For those of you who have yet to browse the latest Don’t Walk photo shoot: prepare yourselves. And by that I mean run yourself a cold shower or grab a box of Kleenex because even my laptop gave off steam when I stumbled upon this year’s snapshots. While many may have been taken aback by the lack of clothing, I found myself rather impressed that the models had, quite literally, gone all out.
Now, you could attack me with the old ‘destructive influence of media’ argument and I could toss ‘freedom of expression’ into the mix and we could go on for hours about the pros and cons of a hint of nipple. The fact is: sex is out there and it won’t be going away any time soon.
And frankly, why the heck should it? After all, sex and nudity is a fundamental part of human nature, much like sleeping or eating. I don’t know about you but I don’t feel particularly naughty eyeing up a sandwich (although Baguette Express may present a few phallic hurdles for the weak among us).
We’ve all got Part A or Part B and the lucky ones have seen each others. Nobody flicks through a Victoria’s Secret catalogue and thinks they didn’t see that coming.
I’m not claiming nudity is acceptable everywhere- a ‘Little Miss Bare-Arsed’ children’s book does seem mildly inappropriate. But in a University environment, where we are all consenting adults and sex is often just the consequence of a round of jaegerbombs in the Lizard, it hardly seems scandalous to shed the layers.
Don’t Walk aren’t the only ones who seem to agree. The AU flashed us some raunchy images in their recent ‘Get Your Heart Racing’ ad campaign, not to mention the various sporting teams who braved the cold to bring us festive nude calendars and we all got a brand new gym for their efforts. Cheers guys.
It seems there is an exhibitionist in all of us and those with the confidence to strip down should be applauded for their honesty. So I salute Don’t Walk and the models who dared to bare; as does my flatmate who has one of you as a screensaver…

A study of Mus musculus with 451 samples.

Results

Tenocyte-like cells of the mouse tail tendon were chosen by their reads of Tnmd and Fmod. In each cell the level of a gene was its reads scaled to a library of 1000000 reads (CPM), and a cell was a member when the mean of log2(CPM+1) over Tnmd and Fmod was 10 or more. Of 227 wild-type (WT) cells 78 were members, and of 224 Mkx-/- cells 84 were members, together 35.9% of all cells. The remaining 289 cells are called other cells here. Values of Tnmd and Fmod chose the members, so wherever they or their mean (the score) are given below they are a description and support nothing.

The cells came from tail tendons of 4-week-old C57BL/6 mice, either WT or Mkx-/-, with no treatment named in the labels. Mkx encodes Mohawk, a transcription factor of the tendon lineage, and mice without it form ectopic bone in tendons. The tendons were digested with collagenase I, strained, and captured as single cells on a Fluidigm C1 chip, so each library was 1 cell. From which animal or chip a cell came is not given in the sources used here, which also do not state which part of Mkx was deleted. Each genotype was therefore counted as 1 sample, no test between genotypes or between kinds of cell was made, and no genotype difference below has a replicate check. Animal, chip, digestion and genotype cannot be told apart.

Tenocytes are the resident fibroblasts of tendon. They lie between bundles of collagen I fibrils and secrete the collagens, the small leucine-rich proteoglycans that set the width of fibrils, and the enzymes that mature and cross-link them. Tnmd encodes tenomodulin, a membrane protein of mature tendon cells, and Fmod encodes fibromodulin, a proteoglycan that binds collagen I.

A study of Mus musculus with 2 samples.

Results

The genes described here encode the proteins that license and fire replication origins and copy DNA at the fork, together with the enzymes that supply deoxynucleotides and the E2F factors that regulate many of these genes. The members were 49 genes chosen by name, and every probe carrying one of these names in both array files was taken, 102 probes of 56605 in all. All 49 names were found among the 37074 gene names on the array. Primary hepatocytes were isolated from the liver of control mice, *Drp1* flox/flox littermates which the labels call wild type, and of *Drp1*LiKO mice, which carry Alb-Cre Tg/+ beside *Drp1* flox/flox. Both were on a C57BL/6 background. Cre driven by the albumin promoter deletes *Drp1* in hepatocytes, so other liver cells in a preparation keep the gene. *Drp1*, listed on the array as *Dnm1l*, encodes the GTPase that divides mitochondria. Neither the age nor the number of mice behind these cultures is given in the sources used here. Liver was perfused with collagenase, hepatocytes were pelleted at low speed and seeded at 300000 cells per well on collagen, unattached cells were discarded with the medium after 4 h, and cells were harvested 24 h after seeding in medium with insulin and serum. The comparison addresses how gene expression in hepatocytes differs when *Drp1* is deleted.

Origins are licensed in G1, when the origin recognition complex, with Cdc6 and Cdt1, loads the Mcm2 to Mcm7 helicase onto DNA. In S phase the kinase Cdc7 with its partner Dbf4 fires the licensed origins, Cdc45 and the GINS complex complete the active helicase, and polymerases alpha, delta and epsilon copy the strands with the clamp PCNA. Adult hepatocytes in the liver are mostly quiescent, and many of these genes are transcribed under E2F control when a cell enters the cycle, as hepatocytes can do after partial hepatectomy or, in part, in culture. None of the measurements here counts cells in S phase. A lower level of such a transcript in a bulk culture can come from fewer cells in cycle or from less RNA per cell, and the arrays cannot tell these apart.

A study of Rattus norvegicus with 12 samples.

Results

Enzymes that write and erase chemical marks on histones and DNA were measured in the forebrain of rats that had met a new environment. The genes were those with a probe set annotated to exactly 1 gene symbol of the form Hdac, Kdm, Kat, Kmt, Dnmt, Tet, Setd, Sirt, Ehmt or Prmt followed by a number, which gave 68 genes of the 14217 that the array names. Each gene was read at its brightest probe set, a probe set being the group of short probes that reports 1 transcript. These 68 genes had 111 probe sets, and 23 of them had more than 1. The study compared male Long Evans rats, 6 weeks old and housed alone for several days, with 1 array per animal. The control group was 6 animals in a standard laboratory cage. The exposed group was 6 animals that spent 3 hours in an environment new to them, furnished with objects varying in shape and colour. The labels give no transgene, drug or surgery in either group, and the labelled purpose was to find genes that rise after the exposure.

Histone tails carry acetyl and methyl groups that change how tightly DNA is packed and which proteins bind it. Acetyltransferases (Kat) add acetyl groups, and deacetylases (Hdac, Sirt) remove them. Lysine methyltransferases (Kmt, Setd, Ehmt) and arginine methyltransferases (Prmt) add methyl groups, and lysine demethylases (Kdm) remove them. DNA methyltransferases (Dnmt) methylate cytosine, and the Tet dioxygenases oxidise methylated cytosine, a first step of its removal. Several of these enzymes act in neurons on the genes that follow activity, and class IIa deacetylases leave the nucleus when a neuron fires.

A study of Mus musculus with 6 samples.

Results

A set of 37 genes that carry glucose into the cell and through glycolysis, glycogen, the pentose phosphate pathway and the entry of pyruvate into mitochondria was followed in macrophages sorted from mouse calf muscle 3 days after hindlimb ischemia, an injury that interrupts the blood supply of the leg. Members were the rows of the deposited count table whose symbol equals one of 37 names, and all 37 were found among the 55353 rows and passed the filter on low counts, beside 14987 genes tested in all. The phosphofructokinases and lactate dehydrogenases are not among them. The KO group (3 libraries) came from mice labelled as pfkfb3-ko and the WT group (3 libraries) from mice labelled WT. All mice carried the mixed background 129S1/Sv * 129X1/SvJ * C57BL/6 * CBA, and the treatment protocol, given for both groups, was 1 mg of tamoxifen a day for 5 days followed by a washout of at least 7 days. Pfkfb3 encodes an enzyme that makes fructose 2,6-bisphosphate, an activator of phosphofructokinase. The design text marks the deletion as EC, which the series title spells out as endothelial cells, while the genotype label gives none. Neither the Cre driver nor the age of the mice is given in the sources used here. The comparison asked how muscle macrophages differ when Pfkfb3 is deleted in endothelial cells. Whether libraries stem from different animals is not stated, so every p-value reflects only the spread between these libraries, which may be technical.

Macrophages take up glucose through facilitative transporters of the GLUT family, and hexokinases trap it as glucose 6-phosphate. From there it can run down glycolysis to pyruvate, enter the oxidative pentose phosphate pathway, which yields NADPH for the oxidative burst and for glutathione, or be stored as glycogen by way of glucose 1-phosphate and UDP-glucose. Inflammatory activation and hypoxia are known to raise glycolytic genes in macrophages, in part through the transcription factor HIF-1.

There is a blonde woman in pink underwear on a bed. She is looking seductively at me. She is holding a bottle in her hand. The caption on the poster begins ‘While you’re down there…’
It is hard to believe that this is a description of a recycling advert, displayed at the Freshers’ Fayre. What has sex got to do with recycling? Absolutely nothing, except that the people who made this poster wanted to make recycling memorable, risky, exciting, and sexy. But what is so memorable about a sexy advert these days?
It is apparently the infrequency of torture is what makes it truly unbearable, it is human nature to adapt to anything eventually. It’s true of working in chocolate shops, and it’s true of sex. Why else is it that we can walk past giant billboards of scantily clad models and not even register the branding?
We are so exposed to sexually explicit and suggestive advertising that what was once taboo is now almost utterly ineffective. We are so desensitised so that when we see adverts such as the Don’t Walk or the recycling adverts, we do not think ‘I’m going to recycle now, that will make me sexy!’ (I can’t speak for everyone there.)
In fact, a common response is distaste. Not because the viewer necessarily thinks sex shouldn’t be used in advertising, but because it is so crudely obvious that the advertisers are trying to sell their product with sex, that it becomes almost insulting. Are we that easily manipulated? Does the amount of sex in our advertising just make us look like witless animals utterly driven by desire?
Doing the recycling will not make me thinner, blonder, and magically more compellingly proportioned. It shouldn’t either. When did we lose faith in ourselves so entirely, that we believed the promise of sex would sell recycling more effectively than the promise of a healthier environment? When we ask if sex should sell, we are really asking what kind of treatment we deserve as buyers.
I guess the question is, do we deserve more respect?